Pupils at an Aberdeen primary school are enjoy the sweet taste of their successful beekeeping project.
Youngsters at Greenbrae School have harvested their first crop of honey, just months after buying their first beehive with the prize money from a national competition.
Last year, the Bridge of Don pupils won the WWF’s Grand Green Idea competition’s wildlife and nature category, after impressing judges with their bee-themed stories, art and activities.
Since the funding was awarded, the school has bought a bee hive which is now home to one queen bee and 20,000 drones.
The school was also able to buy beekeeping equipment, including eight child sized bee suits and honey production kits which were recently used by the whole school to harvest their first batch of honey.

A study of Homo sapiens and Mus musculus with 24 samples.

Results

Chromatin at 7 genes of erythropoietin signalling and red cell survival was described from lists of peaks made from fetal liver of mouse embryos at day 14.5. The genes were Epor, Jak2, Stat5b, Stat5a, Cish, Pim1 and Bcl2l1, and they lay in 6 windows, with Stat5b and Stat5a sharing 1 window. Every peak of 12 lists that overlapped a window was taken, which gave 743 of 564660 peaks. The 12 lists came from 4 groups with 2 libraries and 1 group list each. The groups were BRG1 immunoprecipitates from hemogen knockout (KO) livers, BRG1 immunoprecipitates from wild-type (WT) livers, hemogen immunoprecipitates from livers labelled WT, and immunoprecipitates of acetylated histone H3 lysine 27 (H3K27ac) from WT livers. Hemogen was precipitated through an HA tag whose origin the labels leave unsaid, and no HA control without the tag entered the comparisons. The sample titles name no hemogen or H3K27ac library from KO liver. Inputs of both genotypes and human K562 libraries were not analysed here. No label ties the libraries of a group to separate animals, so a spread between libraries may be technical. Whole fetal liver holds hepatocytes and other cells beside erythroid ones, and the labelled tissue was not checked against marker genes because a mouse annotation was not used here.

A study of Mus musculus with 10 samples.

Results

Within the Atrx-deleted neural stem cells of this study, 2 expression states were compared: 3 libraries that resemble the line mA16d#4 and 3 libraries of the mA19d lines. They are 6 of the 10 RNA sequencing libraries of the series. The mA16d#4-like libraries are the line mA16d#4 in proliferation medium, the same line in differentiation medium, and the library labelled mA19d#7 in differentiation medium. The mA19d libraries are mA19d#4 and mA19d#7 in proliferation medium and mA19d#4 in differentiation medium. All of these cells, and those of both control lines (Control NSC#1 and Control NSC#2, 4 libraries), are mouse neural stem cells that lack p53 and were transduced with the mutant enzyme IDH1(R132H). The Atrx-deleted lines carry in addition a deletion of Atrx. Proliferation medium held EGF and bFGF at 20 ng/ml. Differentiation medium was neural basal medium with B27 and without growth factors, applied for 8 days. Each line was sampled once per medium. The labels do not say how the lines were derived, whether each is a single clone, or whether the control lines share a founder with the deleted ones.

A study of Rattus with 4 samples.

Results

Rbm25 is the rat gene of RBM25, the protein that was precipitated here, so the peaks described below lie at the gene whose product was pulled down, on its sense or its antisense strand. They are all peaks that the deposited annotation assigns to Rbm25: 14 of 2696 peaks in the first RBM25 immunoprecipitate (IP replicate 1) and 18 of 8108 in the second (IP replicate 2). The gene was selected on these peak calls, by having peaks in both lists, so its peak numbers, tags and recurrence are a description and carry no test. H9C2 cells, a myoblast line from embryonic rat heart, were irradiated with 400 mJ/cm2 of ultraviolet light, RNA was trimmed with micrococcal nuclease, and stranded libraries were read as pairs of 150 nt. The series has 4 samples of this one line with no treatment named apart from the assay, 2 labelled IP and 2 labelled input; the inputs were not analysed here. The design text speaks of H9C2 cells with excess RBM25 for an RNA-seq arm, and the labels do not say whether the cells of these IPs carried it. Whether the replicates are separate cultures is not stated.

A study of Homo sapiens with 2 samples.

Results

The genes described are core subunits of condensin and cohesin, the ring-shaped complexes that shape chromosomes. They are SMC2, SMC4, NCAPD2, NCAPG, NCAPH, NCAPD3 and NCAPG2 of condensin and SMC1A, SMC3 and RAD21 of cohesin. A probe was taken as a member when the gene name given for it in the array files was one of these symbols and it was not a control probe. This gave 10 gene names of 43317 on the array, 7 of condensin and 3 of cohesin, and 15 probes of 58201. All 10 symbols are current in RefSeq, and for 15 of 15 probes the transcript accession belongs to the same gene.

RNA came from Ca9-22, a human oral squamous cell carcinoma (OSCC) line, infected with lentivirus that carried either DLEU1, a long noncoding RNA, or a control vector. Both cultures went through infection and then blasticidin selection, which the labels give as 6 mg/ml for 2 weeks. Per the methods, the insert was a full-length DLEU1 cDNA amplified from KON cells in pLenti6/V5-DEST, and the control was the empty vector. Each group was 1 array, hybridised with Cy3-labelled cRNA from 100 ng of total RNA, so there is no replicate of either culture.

The children have been guided through the process by Aberdeen University’s bee expert Ewan Campbell, who has also helped them monitor and maintain the hive.
Primary four and five pupils have also got a taste of the business world by designing, pricing and selling a bee calendar.
Head teacher Anna Royle said the project, which involves the whole school, will be run for years to come.
She added: “The honey bee project was a completely new venture for us.
“We have been able to build sustainable new partnerships with local organisations and businesses and it’s been tremendously rewarding to work with people who are so enthusiastic about education as well as being helpful and reliable.”
Lang Banks, director of WWF Scotland, said: “It’s been fantastic to hear about the success of the honey bee project at Greenbrae School. The children have discovered the vital role bees play in the environment, and have been rewarded aptly with the sweet taste of honey.”